Sramana Mitra: Give us an example of some of those different experiences on the second screen.
Calvin Carter: I watch [the TV show] “Homeland.” The thing I like about it is that you think you know what is going on. The next moment you say, “I can’t believe that just happened.” Then you are not really sure why it happened and you think, “What is going to come next?” At these twists and turns, I would like to see if I can guess what is going on. That is one part of the app. The app then says: “Eighty-two percent of the viewers felt this was going to happen, and look, it didn’t happen.” I don’t know the people who are also watching the show, but we are all people who like the same content. It is fun to be able to do that sort of thing.
SM: What percentage of “Homeland” viewers are using the second screen app?
CC: I don’t know that stat. If I did, [the network] Showtime probably wouldn’t want that published.
SM: Is it a significant adoption or just a beginning trend?
CC: That is an interesting question. It is an early trend in some types of viewing, and it is more proven and accepted in other types of shows. For example, reality shows. It has a tight fit with them. Reality shows are very different from intense and deep dramas. What we did with Showtime was probably the hardest one. We have done several second screen apps all the way from “X-Factor” and live voting. The audience gets to live-vote along with Simon Cowell and the other hosts. You can imagine that is just the perfect fit right there. You tap a button and you vote for a person you think should win.
Then you go Bravo, for example. Most people like to watch Bravo’s programing live. They prefer to be right there on the front. They don’t want to go to work the next day and hear what happened on the show. It would be spoiled for them. Bravo has done a great job at building content that people want first look at. When you think of first look, you think about the fact that most of the viewership who is watching that content is watching it right now with me. Because of that, you lean more on social and caring. There are lots of controversial characters on Bravo, so it is fun to support some or dish on others. That is how you would leverage second screen there. Deep drama is hard because you can argue, “I want to get in to the Homeland experience. I don’t necessarily want to be bothered by my mobile device at these crucial moments in these complex story lines.” You want to get into the drama of it.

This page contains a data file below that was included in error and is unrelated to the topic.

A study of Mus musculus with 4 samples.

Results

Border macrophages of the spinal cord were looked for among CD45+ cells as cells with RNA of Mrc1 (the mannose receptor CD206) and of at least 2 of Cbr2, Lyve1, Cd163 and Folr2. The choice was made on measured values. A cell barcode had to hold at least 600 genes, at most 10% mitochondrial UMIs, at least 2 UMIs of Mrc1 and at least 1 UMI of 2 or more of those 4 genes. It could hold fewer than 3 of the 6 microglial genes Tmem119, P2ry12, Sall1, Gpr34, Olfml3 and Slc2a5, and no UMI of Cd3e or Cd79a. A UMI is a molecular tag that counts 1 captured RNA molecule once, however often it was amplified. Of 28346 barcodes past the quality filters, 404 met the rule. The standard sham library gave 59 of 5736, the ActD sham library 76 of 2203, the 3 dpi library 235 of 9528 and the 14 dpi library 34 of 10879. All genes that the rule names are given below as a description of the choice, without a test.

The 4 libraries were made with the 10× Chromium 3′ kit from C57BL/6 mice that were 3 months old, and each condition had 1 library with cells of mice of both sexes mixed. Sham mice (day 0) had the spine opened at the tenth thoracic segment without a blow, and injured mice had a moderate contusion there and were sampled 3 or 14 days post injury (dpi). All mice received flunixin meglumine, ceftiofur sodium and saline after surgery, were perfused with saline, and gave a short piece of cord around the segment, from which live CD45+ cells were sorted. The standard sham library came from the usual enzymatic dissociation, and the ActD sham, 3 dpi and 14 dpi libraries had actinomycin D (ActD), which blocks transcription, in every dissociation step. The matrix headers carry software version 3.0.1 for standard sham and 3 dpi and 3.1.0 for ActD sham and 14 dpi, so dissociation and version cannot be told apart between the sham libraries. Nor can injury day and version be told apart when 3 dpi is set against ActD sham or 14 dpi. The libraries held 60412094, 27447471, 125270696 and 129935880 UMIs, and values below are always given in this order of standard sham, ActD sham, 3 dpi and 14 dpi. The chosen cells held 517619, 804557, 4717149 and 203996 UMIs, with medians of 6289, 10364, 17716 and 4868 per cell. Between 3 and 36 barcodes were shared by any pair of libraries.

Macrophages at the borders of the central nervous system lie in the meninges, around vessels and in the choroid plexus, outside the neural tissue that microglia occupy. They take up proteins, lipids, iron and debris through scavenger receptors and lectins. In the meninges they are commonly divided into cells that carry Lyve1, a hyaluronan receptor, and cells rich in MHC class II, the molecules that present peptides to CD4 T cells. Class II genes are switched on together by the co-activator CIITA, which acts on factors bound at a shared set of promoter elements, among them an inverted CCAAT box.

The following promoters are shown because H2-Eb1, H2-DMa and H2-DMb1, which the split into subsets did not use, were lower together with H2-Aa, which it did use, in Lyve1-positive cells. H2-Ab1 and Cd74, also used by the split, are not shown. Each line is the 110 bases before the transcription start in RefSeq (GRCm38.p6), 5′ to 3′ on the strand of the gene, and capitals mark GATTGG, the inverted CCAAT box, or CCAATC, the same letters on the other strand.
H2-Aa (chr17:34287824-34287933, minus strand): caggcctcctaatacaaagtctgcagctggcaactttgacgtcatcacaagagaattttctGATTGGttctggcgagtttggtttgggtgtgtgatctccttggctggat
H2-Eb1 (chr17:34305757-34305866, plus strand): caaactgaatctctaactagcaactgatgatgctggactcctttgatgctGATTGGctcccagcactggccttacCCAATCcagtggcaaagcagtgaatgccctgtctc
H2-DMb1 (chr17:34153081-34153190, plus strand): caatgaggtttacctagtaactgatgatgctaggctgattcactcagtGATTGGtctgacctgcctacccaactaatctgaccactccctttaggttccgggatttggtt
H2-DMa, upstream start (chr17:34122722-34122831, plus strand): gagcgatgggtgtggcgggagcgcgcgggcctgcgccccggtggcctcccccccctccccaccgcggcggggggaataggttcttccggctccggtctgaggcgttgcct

So, second screen is actually hardest to fit in that area. By designing it to be both live and time shifted, what we found is that we extend the viewing of the show. A lot of people use the Showsync app in a non-synced way. They finish the show and then they launch the app. If it is an hour-long show they don’t go back and watch the entire show, but they will spend another 15 or 20 minutes going through the different milestones that we created in the second screen experience. They might scrub forward and say, “Oh, yes, that trivia question. I knew that one. I am not going to vote on this poll, because I already know what happened. But it is interesting that 82 percent of viewers thought it was not going to happen, but it really did happen.” It gives you an opportunity to extend that experience of content.
Second screen is trying to find its way in different types of TV experiences and content. You can also imagine it in live sports events. It is very experimental in some areas and growing in others. In the broadcast space we have done TV Everywhere apps for Turner and all of the A&E networks like The History Channel, Scripps Networks, etc. There we essentially turned the Android or iOS device into a television – it is also called authenticated viewing. That is very much here and now. That has become a significant percentage of viewership. A significant percentage of TV time is being done through devices, which is shocking. This did not exist just a couple of years ago.